Generally speaking, producing and selling consumer products has been (up until very recently) a strictly transactional process. Manufacturers design and develop a product, market it, distribute it, and sell it. Once the end customer takes that product home from the store, the transaction is over. But the Internet of Things (IoT) is in the process of completely disrupting traditional commerce. With more and more products becoming “connected products,” manufacturers are being forced to keep one foot planted in the factory, producing durable goods, while simultaneously dipping the other foot into the rippling waters of the software industry.
Connected products create new revenue streams and deepen the customer-brand relationship
But even though this idea of connected products may be new — and even scary — for many manufacturers, the companies that do it successfully will reap boundless benefits. In our “service as a something” world, customers are demanding more from the goods they buy. When done right, connected products can benefit both customers and manufacturers. For customers, they get continuing service after the sale, whether that be through product upgrades, proactive maintenance, or the ability to add on features and functions — all of which create a recurring revenue stream for manufacturers.
In a recent Harvard Business Review webinar, Michael Porter — one of the world’s foremost experts on strategy and competition — said manufacturers can succeed in the connected products business by differentiating themselves with features and functionality. The more tailoring a company can provide, the more “stickiness” they will create with customers. Meaning, customers will use their connected products more regularly and will be more loyal to those brands (think Apple customers). Rather than selling a product as a one-time transaction, companies can sell services to go with it, creating a deeper relationship between the customer and the brand.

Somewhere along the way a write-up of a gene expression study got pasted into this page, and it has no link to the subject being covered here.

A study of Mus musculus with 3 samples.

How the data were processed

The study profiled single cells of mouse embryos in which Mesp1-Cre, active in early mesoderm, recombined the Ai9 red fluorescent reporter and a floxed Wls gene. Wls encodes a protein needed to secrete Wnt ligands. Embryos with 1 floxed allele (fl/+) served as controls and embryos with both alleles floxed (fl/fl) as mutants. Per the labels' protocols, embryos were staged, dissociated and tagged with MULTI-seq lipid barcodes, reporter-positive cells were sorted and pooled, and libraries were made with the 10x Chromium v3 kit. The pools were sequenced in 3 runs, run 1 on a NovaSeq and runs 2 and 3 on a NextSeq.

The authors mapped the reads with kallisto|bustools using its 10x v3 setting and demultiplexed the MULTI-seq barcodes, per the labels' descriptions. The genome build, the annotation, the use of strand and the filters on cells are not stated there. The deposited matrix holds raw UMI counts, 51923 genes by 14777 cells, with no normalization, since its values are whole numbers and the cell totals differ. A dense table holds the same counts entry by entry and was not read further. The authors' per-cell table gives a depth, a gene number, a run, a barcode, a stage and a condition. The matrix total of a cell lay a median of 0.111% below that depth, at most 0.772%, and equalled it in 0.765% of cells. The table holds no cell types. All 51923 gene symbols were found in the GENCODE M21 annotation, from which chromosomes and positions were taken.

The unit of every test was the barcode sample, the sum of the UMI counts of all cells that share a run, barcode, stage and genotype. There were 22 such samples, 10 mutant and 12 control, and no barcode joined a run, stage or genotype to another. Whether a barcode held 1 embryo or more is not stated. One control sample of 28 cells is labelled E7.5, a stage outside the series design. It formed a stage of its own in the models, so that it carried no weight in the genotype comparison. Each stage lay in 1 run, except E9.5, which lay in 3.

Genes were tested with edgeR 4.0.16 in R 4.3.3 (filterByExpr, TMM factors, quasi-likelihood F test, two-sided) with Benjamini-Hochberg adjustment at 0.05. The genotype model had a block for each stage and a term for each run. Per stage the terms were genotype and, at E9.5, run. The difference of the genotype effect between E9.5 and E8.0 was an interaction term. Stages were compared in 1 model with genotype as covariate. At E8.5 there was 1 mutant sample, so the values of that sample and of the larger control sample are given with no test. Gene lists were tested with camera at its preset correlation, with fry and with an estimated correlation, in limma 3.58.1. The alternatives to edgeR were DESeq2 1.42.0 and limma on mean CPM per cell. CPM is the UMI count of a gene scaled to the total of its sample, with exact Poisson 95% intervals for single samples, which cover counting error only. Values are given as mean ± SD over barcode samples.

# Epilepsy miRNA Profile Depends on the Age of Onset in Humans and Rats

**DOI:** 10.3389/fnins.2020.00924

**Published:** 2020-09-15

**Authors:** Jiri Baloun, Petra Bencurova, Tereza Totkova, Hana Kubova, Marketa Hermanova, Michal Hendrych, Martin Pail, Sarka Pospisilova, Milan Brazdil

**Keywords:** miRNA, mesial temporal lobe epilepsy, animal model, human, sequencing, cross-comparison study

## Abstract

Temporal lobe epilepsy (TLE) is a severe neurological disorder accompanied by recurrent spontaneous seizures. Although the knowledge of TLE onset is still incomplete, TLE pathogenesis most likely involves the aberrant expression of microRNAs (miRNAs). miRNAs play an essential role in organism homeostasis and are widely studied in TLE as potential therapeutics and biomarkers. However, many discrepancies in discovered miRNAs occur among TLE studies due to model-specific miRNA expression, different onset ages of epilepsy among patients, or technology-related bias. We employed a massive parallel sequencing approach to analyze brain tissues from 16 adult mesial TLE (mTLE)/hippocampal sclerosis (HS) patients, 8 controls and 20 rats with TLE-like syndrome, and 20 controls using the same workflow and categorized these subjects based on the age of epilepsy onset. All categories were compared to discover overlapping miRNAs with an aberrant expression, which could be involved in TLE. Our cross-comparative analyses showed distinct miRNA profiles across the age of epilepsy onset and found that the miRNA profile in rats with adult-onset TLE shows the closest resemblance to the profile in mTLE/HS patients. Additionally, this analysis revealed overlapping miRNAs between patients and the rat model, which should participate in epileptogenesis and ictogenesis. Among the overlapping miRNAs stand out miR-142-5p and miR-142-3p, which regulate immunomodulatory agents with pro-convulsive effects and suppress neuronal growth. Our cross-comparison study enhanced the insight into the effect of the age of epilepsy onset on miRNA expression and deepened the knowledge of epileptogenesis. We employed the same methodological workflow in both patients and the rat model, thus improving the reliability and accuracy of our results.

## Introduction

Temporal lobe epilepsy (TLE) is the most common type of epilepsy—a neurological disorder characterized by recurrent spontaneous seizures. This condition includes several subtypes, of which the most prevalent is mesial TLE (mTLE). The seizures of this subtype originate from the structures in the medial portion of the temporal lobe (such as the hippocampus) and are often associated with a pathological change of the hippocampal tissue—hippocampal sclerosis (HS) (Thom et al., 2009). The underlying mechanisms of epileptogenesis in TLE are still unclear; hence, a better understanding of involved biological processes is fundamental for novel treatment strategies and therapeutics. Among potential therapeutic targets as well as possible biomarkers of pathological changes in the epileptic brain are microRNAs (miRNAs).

Becoming a “smart manufacturer”
Although connected products can create additional revenue streams in the long run, significant upfront investment is required for building infrastructure and hiring top talent. Traditional manufacturing companies are organized very differently from software companies, so to produce smart products, companies must find a way to merge those organizational structures. Research and development will need to work very closely with IT, and data scientists will become crucial to managing the vast amounts of data that will be created as customers use their connected products.
According to Porter, Customer success management will become more prevalent, as brands will look to data and analytics to create maximum value for customers and improve products and the Customer Experience. Connected products will also make service more efficient. For example, if a customer has a smart water heater and a part is going out, that information can be sent to the manufacturer or service provider, who will then be able to notify the customer and have the faulty part’s replacement on the repair truck and ready for a specialist to take it to the customer’s home and replace it — all before a malfunction even occurs.
IoT is here, and the possibilities are endless. It’s up to manufacturers to differentiate themselves with products, features, and services that help customers solve problems and make life more efficient.